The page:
Wilhelminism and Its Legacies: German Modernities, Imperialism, and the Meanings of Reform, 1890-1930

Wilhelminism and Its Legacies: German Modernities, Imperialism, and the Meanings of Reform, 1890-1930

Wilhelminism and Its Legacies: German Modernities, Imperialism, and the Meanings of Reform, 1890-1930

Wilhelminism and Its Legacies: German Modernities, Imperialism, and the Meanings of Reform, 1890-1930

Synopsis

What was distinctive-and distinctively "modern"-about German society and politics in the age of Kaiser Wilhelm II? In addressing this question, these essays assemble cutting-edge research by fourteen international scholars. Based on evidence of an explicit and self-confidently "bourgeois" formation in German public culture, the contributors suggest new ways of interpreting its reformist potential and advance alternative readings of German political history before 1914. While proposing a more measured understanding of Wilhelmine Germany's extraordinarily dynamic society, they also grapple with the ambivalent, cross-cutting nature of German "modernities" and reassess their impact on long-term developments running through the Wilhelmine age.

Excerpt

More than three decades have now elapsed since the “Fischer Controversy” dramatically opened the Kaiserreich for serious historical research. The interpretations that quickly established their ascendancy during the initial rush of publication will be familiar enough. They amounted to a powerful claim about German exceptionalism—Germany’s differentness from “the West.” That claim was rooted in arguments about political backwardness and Germany’s persisting authoritarianism, which allegedly stacked the decks (or set the points) in favor of the eventual triumph of the Nazis. From the upsurge of scholarship produced between the mid-1960s and mid-1970s came a series of lasting and almost axiomatic perspectives: the importance of direct continuities linking Bismarck with Hitler; the effects of a structural contradiction between economic modernity and political backwardness that destabilized the Kaiserreich’s political institutions; the view that Germany never experienced the crucial emancipatory transformation of a bourgeois revolution in the nineteenth century, remaining subject instead to the authoritarianism of old-style “preindustrial elites” in the political system; the notion that those elites ruled by repression, social imperialism, and other manipulative techniques of rule; and the belief that German history was stamped by a calamitous “misdevelopment” in contrast to the healthier trajectories of societies farther to the west.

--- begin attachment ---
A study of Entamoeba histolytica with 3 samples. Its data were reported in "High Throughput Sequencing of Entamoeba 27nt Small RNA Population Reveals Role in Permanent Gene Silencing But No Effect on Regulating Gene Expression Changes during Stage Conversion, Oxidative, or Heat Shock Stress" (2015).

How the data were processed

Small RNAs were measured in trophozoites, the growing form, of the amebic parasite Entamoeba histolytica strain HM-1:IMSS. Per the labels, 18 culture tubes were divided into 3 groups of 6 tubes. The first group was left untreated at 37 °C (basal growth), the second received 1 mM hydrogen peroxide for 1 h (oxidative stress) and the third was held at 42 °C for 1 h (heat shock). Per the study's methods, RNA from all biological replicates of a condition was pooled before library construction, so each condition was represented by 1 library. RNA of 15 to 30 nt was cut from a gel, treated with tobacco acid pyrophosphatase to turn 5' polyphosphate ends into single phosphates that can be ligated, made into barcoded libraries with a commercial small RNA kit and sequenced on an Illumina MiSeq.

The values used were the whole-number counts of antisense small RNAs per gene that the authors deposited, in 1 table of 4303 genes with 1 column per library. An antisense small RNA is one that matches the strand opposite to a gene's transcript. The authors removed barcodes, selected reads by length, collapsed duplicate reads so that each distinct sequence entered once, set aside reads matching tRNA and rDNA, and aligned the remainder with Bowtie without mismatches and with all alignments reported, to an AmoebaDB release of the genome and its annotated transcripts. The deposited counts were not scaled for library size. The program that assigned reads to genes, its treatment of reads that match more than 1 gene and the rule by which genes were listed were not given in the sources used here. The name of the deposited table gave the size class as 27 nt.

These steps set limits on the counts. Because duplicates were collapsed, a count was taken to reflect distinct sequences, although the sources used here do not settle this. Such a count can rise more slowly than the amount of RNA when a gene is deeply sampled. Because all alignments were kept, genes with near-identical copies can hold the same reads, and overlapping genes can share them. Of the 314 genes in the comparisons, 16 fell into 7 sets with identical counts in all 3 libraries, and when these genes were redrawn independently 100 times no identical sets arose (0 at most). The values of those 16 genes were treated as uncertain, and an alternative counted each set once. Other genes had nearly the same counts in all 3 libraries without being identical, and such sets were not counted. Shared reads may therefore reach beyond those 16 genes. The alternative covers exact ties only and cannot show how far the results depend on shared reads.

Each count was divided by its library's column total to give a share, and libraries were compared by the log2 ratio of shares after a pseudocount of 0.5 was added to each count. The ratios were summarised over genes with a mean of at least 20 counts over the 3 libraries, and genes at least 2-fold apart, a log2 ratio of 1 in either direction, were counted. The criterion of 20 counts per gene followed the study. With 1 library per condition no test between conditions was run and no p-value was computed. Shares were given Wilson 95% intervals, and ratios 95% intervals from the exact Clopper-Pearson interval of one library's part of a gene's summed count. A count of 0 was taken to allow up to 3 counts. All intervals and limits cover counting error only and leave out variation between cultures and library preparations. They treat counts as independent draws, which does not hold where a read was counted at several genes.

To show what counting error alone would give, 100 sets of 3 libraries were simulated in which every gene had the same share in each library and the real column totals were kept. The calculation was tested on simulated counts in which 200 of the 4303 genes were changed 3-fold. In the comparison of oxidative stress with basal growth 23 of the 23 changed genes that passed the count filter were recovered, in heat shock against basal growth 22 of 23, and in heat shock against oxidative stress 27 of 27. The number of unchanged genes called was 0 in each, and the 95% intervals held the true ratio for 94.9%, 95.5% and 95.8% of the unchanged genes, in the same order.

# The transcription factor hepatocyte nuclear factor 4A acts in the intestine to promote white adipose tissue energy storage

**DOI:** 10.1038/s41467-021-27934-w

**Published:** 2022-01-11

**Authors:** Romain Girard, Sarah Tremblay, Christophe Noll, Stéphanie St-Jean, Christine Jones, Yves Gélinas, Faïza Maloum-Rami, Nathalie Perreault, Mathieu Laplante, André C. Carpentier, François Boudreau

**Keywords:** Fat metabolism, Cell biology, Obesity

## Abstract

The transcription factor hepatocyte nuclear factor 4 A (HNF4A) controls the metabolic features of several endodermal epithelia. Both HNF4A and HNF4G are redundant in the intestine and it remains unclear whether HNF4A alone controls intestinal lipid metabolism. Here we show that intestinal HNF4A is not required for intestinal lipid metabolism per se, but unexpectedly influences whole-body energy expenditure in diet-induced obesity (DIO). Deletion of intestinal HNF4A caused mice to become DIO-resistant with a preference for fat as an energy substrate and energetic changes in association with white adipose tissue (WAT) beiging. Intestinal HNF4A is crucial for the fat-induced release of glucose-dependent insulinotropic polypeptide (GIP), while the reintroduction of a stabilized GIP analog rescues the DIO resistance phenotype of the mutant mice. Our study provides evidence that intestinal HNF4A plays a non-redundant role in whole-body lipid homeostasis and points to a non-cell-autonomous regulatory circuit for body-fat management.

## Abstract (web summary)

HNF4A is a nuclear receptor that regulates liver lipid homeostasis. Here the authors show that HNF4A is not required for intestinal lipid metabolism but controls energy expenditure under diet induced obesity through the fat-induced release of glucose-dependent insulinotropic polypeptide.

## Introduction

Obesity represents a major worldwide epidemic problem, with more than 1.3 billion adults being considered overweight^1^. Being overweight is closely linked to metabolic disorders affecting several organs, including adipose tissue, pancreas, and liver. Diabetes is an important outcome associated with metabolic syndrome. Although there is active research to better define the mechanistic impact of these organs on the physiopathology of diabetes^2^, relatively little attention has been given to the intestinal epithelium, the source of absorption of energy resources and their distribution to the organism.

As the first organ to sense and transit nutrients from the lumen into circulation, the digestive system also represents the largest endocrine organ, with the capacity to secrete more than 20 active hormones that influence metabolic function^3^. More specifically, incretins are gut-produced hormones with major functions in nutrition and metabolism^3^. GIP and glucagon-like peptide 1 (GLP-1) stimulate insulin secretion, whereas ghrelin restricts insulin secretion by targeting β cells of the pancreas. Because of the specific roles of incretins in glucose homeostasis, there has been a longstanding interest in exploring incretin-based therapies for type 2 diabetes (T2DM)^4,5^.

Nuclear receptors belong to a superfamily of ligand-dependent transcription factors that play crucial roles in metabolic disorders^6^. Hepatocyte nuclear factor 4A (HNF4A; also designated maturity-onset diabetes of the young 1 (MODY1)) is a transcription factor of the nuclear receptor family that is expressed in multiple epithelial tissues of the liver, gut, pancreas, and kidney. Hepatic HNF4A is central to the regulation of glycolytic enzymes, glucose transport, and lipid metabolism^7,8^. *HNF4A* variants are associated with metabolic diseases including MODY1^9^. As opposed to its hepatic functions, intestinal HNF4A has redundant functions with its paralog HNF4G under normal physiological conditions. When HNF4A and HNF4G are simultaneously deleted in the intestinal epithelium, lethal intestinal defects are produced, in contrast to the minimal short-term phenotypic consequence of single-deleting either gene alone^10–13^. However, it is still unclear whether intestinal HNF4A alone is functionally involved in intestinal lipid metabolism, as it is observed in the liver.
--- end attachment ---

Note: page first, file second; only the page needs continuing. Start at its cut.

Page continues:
What came to be termed the “new orthodoxy” of the mid-1970s converged in important ways with an existing Anglo-American body of interpretation produced largely by emigrés and often drawing upon older, pre-1933 critical traditions of German political life. But the revisionist West German historians of the 1960s and 1970s sharpened these earlier claims and carried the argument much further. They insisted that backward political interests—the traditional power elites and their preindustrial mentalities—preempted any democratic modernizing of the political system and allowed what Karl Dietrich Bracher termed “authoritarian and anti-democratic struc-

Notes for this section begin on page 13.